Analysis by Mel Frykberg

RAMALLAH, Jul 2 2009 (IPS) - The future of Palestinian unity talks is far more complex than the bitter rivalry, bloodshed and division which represent the yawning chasm separating Palestine’s two main political factions, Hamas and Fatah.

There are serious issues within Fatah that need to be resolved. After two decades of power struggles and acrimony within the organisation, Fatah’s Revolutionary Council has agreed to hold its sixth general conference Aug. 4 in Bethlehem in the Palestinian West Bank. Fatah, founded in 1964, is affiliated with Palestinian President Mahmoud Abbas’s Palestinian Authority (PA), which controls the West Bank.

The conference, due to be attended by over 1,500 members, is significant in that it is the first to be held on Palestinian territory. Hitherto, Israel banned leaders from returning to the Palestinian territories. The formerly Tunisia- based Palestinian leadership-in-exile held its last conference in Tunis in 1989 following its expulsion from Lebanon.

Of further relevance is the fact that party members have been able to agree who will attend and where the conference will be held. Infighting and disagreement meant Fatah’s factions took 20 years to agree a date and place.

The conference will be an indicator whether the fragmented Fatah is a spent political force and a mere footnote in the history of the Palestinian national liberation struggle. The conference will also lay the groundwork for unity talks with arch-rival Hamas and peace talks with Israel.

Internal Palestinian upheaval has often been reduced to a West Bank PA vs Gaza Strip Hamas political and military struggle. The reality on the ground, however, is not as black. Within both organisations there are power struggles, differing agendas, and contradictory ideologies.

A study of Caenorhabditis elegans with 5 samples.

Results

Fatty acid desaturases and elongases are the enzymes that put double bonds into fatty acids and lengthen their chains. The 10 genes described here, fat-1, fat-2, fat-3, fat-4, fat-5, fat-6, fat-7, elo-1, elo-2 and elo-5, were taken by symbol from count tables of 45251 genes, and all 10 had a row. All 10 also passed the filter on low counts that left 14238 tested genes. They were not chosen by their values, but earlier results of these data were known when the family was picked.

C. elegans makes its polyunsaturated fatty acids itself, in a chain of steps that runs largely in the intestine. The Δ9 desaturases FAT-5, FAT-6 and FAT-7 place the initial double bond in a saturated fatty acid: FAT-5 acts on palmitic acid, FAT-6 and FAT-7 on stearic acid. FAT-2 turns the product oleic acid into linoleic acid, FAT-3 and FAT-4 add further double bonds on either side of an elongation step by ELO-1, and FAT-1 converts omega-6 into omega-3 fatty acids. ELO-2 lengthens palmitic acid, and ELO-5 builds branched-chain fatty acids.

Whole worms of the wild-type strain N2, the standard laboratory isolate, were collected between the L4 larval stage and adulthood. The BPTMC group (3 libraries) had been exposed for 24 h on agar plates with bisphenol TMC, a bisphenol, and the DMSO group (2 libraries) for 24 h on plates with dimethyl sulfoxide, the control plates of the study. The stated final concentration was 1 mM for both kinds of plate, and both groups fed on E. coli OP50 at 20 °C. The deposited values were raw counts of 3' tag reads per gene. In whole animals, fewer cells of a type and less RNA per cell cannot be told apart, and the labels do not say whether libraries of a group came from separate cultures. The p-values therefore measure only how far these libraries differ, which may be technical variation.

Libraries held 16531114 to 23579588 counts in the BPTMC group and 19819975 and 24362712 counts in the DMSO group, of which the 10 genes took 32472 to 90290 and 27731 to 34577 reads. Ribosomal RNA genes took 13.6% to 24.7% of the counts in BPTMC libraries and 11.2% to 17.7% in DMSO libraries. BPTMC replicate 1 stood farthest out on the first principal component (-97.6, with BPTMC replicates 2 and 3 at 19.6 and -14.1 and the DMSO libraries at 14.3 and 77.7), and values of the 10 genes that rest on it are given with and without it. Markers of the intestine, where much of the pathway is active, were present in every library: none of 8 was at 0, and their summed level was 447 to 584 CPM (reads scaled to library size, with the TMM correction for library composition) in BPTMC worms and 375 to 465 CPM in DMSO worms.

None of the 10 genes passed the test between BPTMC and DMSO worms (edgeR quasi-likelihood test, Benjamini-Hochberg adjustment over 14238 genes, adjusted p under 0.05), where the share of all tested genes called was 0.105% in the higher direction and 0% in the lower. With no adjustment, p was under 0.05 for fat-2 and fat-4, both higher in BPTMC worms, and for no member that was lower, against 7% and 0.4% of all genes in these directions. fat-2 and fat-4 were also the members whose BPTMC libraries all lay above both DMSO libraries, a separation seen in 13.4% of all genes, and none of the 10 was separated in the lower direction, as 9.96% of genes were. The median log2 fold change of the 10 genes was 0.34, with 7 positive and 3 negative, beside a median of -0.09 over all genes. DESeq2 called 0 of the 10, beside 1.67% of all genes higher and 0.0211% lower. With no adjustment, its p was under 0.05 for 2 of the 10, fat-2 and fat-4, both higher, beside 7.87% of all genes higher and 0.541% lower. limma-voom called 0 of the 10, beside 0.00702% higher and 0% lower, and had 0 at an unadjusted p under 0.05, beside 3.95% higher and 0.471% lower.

At present Fatah and the PA command little respect either in the West Bank or in Gaza due to continuing accusations of corruption, nepotism and cronyism. The popularity of Hamas, renowned for being austere and more honest, has surged since the Islamic group won free and fair elections in January 2006.

Fatah is fragmented along several lines. Bickering between the ‘old guard’ and the ‘younger guard’ remains one of several contentious points.

The older guard, many of them over 65, comprises founding members of the Palestine Liberation Organisation (PLO). Among them, the late Yasser Arafat was one of the main architects of the PLO. Fatah is the largest faction of the PLO; Hamas is not part of the group.

The younger guard was formed by young Palestinian men from the Palestinian territories who cut their political teeth during the first Palestinian Intifadah, or uprising, in the late 1980s and early 1990s.

This membership was joined by Palestinian activists during the second Intifadah which broke out in October 2000, following former Israeli premier Ariel Sharon’s provocative visit to Islam’s third holiest shrine, the Al-Aqsa Mosque in Jerusalem, despite warnings from Israel’s security services.

Both uprisings came without any direction from the PLO leadership, catching it by surprise.

Following the 1993 Oslo peace accords between Israel and the PLO, some of the old guard returned to the Palestinian territories, and kept up a hedonistic lifestyle at the expense of a Palestinian society wracked by poverty.

This alienated the younger guard who were also angered at the older guard’s refusal to share power with them or open up Fatah’s leadership to new blood.

The corruption within Fatah was one of the reasons behind Hamas’s sweeping 2006 victory. Many Fatah supporters, including a number of Christian Palestinians, voted for Hamas not because they supported its ideology but in protest against the PLO’s endemic nepotism.

The PA is staffed with native West Bankers, some of whom are accused of putting their personal prestige, power and business interests above national liberation.

But the divisions in Fatah go beyond generational and accountability issues. Fragmentation has come around patronage, shared history, geography and foreign policy.

Some members support the international peace process, while others call for a return to armed resistance. Some Fatah members want the PA, which was formed after Oslo, to be dismantled; others don’t.

Many Palestinians are disillusioned with a lack of democracy and human rights in the West Bank under Abbas’s leadership. This is exacerbated by disappointment with a peace process which to many appears to be going nowhere.